A Poem a Day Helps the Words to Play

Note: If you’re a writer of prose (fiction, non-fiction, or both) this post is particularly directed at you. If you are a poet, enjoy the vote of appreciation for the wonderful work you do with words and images.

Want to polish your prose, dust off your diction, and give wings to your words? If you do, then read a poem every day. If possible, commit to write one every day or at least every week.

Why poetry to improve your prose? It’s simple. Poetry is like condensed soup. The poet packs more meaning into each word than the average prose writer does in an entire sentence or paragraph. For the poet every word is a gem that must be polished, cared for, and shown in its best light.

Reading and writing poetry will help the prose writer reduce verbosity, heighten meaning, and maximize metaphor and imagery. Integrating poetry into your daily discipline will help your words sing with renewed freshness and light.

What does it look like to integrate poetry into your daily prose routine?

1) Sign up to have a poem delivered each day to your inbox. Here are a few to consider.

  • Poetry Daily  (features a daily poem, poet, and poetry journal)
  • Poets.org (from the Academy of American Poets)

2) Lay hands on a good book about poetry and writing poetry. More importantly, put it to use! Three books to use as starting points are:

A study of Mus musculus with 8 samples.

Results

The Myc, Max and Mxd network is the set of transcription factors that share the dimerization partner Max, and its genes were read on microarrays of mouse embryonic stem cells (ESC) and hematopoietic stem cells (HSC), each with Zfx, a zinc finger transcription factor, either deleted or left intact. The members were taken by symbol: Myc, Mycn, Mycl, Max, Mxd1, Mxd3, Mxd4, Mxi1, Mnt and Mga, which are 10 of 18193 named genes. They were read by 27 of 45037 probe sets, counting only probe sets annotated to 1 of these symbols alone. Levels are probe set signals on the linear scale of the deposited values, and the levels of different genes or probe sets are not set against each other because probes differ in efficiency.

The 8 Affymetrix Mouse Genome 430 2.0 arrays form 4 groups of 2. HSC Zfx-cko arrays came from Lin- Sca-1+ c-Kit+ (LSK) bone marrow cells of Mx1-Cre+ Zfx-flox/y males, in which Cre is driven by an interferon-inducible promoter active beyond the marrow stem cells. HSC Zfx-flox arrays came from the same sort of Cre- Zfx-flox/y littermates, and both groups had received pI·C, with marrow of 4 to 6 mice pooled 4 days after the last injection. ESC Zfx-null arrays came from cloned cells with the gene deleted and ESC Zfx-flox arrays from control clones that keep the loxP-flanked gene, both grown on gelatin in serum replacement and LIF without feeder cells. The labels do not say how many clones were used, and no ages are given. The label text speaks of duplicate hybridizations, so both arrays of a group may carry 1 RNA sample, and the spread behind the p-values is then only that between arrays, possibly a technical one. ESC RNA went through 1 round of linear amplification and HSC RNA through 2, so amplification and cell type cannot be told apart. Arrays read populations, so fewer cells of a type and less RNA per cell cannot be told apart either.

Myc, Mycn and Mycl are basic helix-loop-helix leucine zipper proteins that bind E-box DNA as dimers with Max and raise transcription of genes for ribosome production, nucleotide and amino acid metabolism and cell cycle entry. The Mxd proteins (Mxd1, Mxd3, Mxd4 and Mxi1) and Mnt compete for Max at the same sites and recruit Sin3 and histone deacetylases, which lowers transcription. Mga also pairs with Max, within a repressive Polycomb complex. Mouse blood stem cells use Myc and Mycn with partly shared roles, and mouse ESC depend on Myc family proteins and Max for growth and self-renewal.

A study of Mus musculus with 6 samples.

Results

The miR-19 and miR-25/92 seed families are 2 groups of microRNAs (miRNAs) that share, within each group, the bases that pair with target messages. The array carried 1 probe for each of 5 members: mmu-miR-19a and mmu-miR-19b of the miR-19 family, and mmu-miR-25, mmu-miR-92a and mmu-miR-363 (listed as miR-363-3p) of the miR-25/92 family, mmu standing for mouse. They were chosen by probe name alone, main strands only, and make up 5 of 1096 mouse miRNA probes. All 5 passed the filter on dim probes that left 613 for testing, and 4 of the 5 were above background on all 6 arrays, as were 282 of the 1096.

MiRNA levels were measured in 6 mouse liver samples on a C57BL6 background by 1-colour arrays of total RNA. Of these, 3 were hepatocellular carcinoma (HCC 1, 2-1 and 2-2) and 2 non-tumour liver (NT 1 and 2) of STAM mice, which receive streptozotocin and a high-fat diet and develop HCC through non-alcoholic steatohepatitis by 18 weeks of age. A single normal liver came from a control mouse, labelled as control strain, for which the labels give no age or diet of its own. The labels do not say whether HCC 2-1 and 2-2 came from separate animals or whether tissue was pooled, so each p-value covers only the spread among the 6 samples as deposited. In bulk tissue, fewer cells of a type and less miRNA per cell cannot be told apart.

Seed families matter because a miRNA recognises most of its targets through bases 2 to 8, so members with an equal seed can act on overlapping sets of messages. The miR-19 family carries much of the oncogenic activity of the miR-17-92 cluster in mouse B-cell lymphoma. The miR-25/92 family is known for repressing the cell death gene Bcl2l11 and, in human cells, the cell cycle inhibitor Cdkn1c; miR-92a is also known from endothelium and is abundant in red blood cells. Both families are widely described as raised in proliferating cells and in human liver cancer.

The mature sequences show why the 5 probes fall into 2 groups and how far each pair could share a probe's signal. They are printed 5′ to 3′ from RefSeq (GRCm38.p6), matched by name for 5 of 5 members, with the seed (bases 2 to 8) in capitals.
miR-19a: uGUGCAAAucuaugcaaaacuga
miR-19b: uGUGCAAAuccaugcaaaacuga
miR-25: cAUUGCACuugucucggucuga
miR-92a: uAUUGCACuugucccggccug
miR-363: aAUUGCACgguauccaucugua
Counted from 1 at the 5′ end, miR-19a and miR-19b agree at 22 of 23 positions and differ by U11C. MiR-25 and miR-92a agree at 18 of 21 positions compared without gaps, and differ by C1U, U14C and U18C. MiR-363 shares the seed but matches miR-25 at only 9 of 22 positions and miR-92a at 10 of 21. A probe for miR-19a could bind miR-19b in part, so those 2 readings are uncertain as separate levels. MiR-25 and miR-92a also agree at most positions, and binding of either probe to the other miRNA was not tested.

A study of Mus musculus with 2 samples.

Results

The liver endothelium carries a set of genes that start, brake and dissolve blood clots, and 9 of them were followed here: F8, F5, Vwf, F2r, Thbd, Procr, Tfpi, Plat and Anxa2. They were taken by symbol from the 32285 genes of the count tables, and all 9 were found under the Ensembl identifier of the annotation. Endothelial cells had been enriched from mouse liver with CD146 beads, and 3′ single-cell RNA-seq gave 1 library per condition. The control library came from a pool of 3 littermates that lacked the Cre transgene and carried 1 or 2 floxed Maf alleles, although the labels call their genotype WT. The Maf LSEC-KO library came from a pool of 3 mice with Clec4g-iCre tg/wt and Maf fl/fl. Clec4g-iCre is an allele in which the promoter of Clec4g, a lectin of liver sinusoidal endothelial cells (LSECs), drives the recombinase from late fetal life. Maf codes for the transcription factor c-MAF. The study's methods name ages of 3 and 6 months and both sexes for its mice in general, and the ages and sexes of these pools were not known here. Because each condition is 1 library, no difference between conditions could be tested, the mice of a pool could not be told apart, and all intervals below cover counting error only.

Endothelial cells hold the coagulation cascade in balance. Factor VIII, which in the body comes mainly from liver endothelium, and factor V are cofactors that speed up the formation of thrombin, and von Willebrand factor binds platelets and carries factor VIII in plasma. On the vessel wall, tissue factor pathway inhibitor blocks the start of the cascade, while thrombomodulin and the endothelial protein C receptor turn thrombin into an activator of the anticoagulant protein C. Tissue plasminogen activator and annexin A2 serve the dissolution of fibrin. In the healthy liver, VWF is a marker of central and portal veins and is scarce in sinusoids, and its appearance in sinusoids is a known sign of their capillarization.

Most importantly, take every opportunity to hear poetry read aloud or performed. If you don’t have access to local outlets for poetry readings, you’ll find plenty of good YouTube videos. Hearing poetry allows it so seep into your skin and weave its way into your creative heart. The more your hear, read, and write, the stronger and more vivid your prose is likely to become. Now, go play with words! Make art. Spread beauty. Have fun.

P.S.: What about you? What are your favorite ways to incorporate poetry into your daily life? I’d love to hear from you.

Photo by chillihead used under Creative Commons License. Thanks!

 

 

 

4 responses to “A Poem a Day Helps the Words to Play

  1. Great idea, Sharron. Thanks for sharing 🙂

  2. I think this is great advice. I do have a poem delivered daily and have a couple of poetry books – still, I need to spend more time with it.

    • The finite number of hours in a day in contrast with the rigors of my present life provide near-constant frustration. At this stage of my life, time has become the most precious commodity.